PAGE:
7:12:00 AM

How to edit your book
Yesterday I wrote a blogpost and named it: The funniest TV shows of 2107.
Notice something? Well, I didn't. I just overlooked a huge mistake or I'm Star-Lord, and my mom make me a mix-tape of her favorite shows because I'm wandering around the galaxy with a rabid raccoon.
This was only a blogpost. My point is, if you have a manuscript you want to publish, you need an editor. Don't rely solely on spellcheck and your own eyes. Spellcheck will not pick up certain mistakes. The longer your manuscript is the more likely it is that you will go crazy trying to get fix everything yourself.

You're deadset on doing it yourself?
Sure, I get it, paying people, finding people, even delegating isn't something you are in the mood for. Then I would recommend that you pour yourself a cup of coffee, or twenty. And proceed:

1. After finishing your first draft, wait, let it sit there, take a week off. In the meantime order a big bag of your favorite brew.
2. Print it. Really, we are going old school.

3. Read it through. Chapter by chapter. Don't worry too much about the whole story yet, focus on the chapters.
Read the first, take out mistakes, sentences that feel wrong, are clumsy or redundant. Make the changes. Reread it, edit again. See if it flows better now.
4. Reread it aloud this time. What sounds off, doesn't fit? Take it out, change it.

Chapter two. Do the same. And so on.
5. Then tackle the structure of the story, does it build up like you wanted? Are there parts that are better?  Try to make every chapter like the chapters that you are satisfied with.
Scrap some stuff, do it.
6. Print it again. Read it, edit, and see if it becomes easier to read. If not, find the problem: is the language, the arc, the length, a character?
Change what doesn't work. Read it again. Don't be sentimental, if it doesn't work, change it.
7. At this stage reading it to someone else is an excellent way to confront yourself with the effectiveness of the story.  Proceed till what you wrote moves you. It will if you do it right. You are done, when you cannot chip anything away, without destroying the whole thing.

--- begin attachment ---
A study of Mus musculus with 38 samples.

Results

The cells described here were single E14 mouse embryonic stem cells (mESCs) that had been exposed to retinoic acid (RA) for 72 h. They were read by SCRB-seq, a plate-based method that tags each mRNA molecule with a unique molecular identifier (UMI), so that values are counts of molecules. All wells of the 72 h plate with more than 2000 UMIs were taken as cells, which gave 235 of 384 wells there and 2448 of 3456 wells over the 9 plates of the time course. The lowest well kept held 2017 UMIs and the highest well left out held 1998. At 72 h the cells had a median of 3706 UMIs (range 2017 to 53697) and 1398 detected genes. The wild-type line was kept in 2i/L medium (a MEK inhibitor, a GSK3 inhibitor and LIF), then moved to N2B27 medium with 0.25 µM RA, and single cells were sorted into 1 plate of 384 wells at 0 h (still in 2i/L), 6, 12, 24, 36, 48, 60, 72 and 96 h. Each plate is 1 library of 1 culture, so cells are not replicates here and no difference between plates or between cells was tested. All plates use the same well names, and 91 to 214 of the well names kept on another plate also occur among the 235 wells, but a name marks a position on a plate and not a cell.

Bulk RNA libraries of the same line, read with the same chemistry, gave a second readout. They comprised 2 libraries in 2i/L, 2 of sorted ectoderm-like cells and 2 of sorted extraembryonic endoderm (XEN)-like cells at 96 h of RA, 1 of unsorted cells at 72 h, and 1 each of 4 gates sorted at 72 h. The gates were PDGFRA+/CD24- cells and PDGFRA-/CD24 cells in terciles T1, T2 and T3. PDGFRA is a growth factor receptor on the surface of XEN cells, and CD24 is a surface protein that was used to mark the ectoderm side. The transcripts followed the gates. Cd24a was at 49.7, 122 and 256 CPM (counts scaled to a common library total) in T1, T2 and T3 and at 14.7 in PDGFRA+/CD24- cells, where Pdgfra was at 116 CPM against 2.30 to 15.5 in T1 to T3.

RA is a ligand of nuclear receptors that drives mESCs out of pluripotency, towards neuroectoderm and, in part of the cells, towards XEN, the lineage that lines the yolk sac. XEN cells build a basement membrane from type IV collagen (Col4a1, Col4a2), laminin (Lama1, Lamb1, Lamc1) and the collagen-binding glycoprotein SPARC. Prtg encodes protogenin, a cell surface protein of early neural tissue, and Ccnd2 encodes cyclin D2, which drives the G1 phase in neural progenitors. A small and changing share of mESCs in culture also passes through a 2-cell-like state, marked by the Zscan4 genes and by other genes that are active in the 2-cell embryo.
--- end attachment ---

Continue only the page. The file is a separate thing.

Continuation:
8. Then you copy-write. This means taking out all the mistakes. every misplaced comma, every misspelled word, words that are repeated too close to each other. Look at more than one sentence at once, are they varied, the length, the words, the meaning? Could paragraphs be shorter or longer?
9. You could ask some of your friends to help at this point.
10. Try to read your story on paper, on tablet, on your desktop, it helps to change it up.
11. Run spellcheck again. If you have beta readers, let them help.
12. When you close to perfection, stop, congrats, you did it!

It' a time-consuming puzzle. You have to be honest with yourself, are you going to be detached enough to make cuts? If not run and find an editor immediately. You have to be able to be blunt but not too self-critical, detachment helps. And remember writing is re-writing.

Or you can get help, and even if you do all this, you still should get help. I certainly did for all my books, it was mandated when I published the regular way, and when I finished met third novel, that that I will self-publish, I hired an editor immediately.

Here are some site where you can find one:

First decide if you need an editor or a proofreader. An editor helps with structural changes, making you writing clear and interesting. They suggest changes in the story itself, while also helping with the language. A proofreader will make a finished manuscript ready for publication by eliminating every last mistake, he or she will also fact check.




a more economical option: gradstudentfreelancers

or go directly to Createspace: 

Ask them what their specialty is, be clear what you are looking for. When they are available send them a sample chapter to edit. They will quote you then. Ask more than one person, compare their style, their communication and prices and go with the one in your budget and comfort zone.